Social Justice Poet Danez Smith Performs Reading, March 29
Critically-acclaimed poet and performer Danez Smith, winner of multiple prestigious literary awards, will perform a free poetry reading at Fairfield University on Wednesday, March 29, at 7 p.m. in the Faber Hall Dining Commons. The intimate evening of spoken word is presented by the University’s Black Lives Matter course with support from the College of Arts and Sciences, the Core Writing program, Peace and Justice Studies program, Black Studies program, the Connecticut Writing Project and Residence Life.
With a stunningly original voice that transcends artistic boundaries, Danez Smith uses rhythm, creativity and raw power to produce powerful literary works that center on the intersections of race, class, sexuality and faith. As a black, queer and HIV positive writer and performer, Smith is revered for utilizing these unique talents to raise awareness of contemporary social justice issues. It is because of this commitment that Fairfield University Core Writing Program Professor Jill Bodach believes Smith’s voice is essential for students to hear.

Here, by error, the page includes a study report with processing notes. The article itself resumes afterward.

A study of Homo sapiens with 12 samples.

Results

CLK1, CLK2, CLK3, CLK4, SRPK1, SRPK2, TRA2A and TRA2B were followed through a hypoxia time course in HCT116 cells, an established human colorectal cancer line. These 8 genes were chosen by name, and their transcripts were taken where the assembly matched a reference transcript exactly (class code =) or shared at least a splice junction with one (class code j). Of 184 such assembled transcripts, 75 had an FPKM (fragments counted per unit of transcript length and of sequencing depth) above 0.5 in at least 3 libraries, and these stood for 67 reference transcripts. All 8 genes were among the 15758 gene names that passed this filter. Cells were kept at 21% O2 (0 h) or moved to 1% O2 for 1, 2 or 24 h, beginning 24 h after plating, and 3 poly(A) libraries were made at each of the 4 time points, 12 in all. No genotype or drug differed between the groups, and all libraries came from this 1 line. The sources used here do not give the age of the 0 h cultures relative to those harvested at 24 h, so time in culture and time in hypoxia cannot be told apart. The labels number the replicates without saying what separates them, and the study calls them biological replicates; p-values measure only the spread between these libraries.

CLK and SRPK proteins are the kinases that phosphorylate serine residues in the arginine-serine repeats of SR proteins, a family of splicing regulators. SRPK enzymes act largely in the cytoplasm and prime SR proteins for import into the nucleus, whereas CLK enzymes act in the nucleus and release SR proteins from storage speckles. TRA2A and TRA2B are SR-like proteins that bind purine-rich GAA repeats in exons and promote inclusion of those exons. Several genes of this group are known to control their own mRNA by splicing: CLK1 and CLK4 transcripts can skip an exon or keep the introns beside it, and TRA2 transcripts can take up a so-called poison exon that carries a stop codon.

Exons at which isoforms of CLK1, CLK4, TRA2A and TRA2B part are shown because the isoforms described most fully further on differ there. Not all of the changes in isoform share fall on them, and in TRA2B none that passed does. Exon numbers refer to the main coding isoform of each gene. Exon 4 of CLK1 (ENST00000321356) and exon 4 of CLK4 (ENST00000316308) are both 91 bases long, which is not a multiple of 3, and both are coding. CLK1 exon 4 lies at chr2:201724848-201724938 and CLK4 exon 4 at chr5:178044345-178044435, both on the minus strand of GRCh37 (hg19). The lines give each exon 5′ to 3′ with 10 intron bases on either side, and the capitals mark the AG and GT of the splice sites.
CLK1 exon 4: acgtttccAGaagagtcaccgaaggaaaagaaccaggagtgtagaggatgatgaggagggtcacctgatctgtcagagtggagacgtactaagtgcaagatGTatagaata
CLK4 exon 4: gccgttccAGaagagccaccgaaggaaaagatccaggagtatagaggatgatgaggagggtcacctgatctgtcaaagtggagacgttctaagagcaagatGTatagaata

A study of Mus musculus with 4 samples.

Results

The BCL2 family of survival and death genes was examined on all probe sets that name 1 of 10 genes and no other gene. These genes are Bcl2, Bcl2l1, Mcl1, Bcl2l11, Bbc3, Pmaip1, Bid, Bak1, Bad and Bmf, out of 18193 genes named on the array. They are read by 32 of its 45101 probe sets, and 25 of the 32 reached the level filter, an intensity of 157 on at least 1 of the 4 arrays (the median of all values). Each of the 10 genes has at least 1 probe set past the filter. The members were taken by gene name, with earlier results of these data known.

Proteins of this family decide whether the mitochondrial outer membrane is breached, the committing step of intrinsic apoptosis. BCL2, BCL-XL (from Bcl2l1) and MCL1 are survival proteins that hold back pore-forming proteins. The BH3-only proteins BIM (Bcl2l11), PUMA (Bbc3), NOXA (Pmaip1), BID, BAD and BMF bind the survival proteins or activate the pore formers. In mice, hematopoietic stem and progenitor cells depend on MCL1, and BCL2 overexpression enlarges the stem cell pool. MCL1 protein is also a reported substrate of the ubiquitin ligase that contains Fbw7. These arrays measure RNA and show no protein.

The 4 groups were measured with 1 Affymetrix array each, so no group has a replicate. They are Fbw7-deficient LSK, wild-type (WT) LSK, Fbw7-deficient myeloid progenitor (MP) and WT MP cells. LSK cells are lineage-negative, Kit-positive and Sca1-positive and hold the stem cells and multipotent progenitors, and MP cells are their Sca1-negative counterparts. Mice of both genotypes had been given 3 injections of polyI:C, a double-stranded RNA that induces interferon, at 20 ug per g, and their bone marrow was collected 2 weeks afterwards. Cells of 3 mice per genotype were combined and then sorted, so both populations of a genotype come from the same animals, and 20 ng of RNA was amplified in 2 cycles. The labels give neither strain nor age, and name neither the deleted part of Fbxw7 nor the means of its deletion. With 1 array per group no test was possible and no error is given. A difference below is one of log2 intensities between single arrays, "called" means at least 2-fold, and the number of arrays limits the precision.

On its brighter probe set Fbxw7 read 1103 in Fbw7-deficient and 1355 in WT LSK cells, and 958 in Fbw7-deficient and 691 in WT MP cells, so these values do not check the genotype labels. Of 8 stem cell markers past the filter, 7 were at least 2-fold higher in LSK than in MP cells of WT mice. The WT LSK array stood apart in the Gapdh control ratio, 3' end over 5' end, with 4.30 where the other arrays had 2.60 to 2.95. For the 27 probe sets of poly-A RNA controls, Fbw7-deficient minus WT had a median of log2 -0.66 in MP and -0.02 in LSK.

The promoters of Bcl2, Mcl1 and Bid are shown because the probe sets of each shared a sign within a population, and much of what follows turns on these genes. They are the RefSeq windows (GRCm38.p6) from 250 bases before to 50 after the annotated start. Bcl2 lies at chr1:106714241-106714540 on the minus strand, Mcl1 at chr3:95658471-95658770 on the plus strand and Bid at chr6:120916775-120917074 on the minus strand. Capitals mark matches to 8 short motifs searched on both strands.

“I think it is important for students to see a young poet like Danez raising awareness of contemporary social justice issues,” Bodach said. “Too often poetry can seem out of reach to students. Danez’s work is very accessible, even to those who wouldn’t think of themselves as poets.”
Winner of the 2014 Lambda Literary Award for Gay Poetry and a finalist for the Norma Farber First Book Award from the Poetry Society of America, Smith is the author of [insert] boy (2014, YesYes Books) and Don’t Call Us Dead (2017, Graywolf Press). Smith’s work has been featured in Poetry Magazine, Buzzfeed, Blavity and The Late Show with Stephen Colbert and has earned a place in the American Academy of Poet’s Emerging Writers Series. Rounding out Danez’s resume are two finalist spots in the Individual World Poetry Slam, as well as being named a 2014 Ruth Lilly and Dorothy Sargent Rosenberg Fellow and a recipient of a McKnight Foundation Fellowship.
With a steadfast voice used to give life to a host of concerns that persist in society, Bodach said she hopes Smith will inspire Fairfield students to use their voices to incite change -- just like Danez.
“I hope this event inspires students to use their talents -- whatever they may be -- to fight for social justice, because as far as we’ve come in the fight for equality, we still have a long way to go,” she said. “We need voices like Danez Smith’s to remind us of our humanity.”